3 Things You Need to Know About Confidentiality Agreements

It's no secret that running a business is hard work, but confidentiality agreements can simplify your job and ensure you're legally protected in many ways. If you're interested in learning about about these agreements, it may be time to meet with a commercial attorney who can help. here's what you need to know.

Whether you're running a large corporation or you have a small family-owned business, it's important to have all of the necessary legal paperwork to run your company smoothly. This includes business agreements, employee contracts, and shareholder agreements; however, your company may also benefit from utilizing a confidentiality agreement, as well. Confidentiality agreements offer a number of perks and benefits for company owners and managers. They provide an effective way to ensure that your conversations remain private between you and the other party; however, they can also protect your ideas, policies, and company financial information. If you've been thinking about drafting a confidentiality agreement with the assistance of a commercial law attorney, there are a few things you need to know.

1. Your agreement should be specific

One of the most important things to focus on when creating a confidentiality agreement is specificity. Your agreement needs to dictate exactly what information can be shared, what information is private, and how long the information should remain classified for. You should also make sure that you include specific dates and methods of communication in your contract. The more specific and precise your contract is, the more it will benefit both you and the person you're working with.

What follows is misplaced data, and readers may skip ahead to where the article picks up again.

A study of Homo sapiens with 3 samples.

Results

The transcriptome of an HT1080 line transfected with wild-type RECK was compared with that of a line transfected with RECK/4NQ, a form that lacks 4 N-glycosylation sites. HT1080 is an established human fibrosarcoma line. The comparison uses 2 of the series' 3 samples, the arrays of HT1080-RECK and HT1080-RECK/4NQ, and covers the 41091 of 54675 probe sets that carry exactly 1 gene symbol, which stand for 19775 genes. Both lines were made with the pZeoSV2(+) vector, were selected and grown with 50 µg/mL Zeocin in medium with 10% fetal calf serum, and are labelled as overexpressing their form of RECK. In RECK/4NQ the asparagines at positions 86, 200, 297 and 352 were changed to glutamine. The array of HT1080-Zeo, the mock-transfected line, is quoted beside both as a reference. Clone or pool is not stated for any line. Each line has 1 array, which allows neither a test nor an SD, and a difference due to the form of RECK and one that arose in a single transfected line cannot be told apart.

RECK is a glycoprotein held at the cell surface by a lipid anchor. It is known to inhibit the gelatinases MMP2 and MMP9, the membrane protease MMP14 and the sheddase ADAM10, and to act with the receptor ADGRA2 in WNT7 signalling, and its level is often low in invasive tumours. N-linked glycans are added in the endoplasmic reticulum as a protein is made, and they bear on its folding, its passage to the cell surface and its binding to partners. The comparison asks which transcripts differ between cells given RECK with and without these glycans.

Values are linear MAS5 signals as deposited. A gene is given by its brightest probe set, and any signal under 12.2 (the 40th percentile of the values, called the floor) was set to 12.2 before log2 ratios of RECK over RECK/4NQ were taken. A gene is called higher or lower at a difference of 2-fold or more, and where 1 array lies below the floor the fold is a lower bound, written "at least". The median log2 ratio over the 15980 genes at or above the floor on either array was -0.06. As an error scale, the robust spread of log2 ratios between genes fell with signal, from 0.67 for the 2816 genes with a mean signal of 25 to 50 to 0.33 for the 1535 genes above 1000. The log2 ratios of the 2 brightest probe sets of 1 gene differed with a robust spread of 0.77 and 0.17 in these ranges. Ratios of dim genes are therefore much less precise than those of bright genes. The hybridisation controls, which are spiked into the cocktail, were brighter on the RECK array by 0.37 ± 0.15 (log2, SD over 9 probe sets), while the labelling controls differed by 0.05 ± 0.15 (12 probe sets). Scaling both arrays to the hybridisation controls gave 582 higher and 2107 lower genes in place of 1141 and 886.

2. Your agreement may need to contain an anti-solicitation clause

When you meet with investors, financial professionals, or even potential collaborators, it's important to understand that sometimes competition is unavoidable. Someone may see your team members and believe they would make valuable assets within that person's own organization. This can be prevented with a carefully worded section of your confidentiality agreement. An anti-solicitation clause can help prevent employee poaching that sometimes affects companies who work together.

3. Your agreement should detail exclusions

In some cases, an agreement needs to contain exclusions. If you and another party have worked together on a project before or they know a lot of details about your company, for example, it may not be reasonable to expect them to keep everything they learn or discuss private. Make sure you understand the current depth of the other party's knowledge so that you can notate this in the contract. If they already knew information before you met to discuss a related issue, they may not be required to keep that particular data or information classified.

When you're ready to create a non-disclosure or confidentiality agreement you can use in your business, it's important to meet with a business or corporate law attorney as early as possible. Call to schedule your consultation. Your lawyer will be able to help evaluate your contract needs and can help you draft something that will benefit your organization.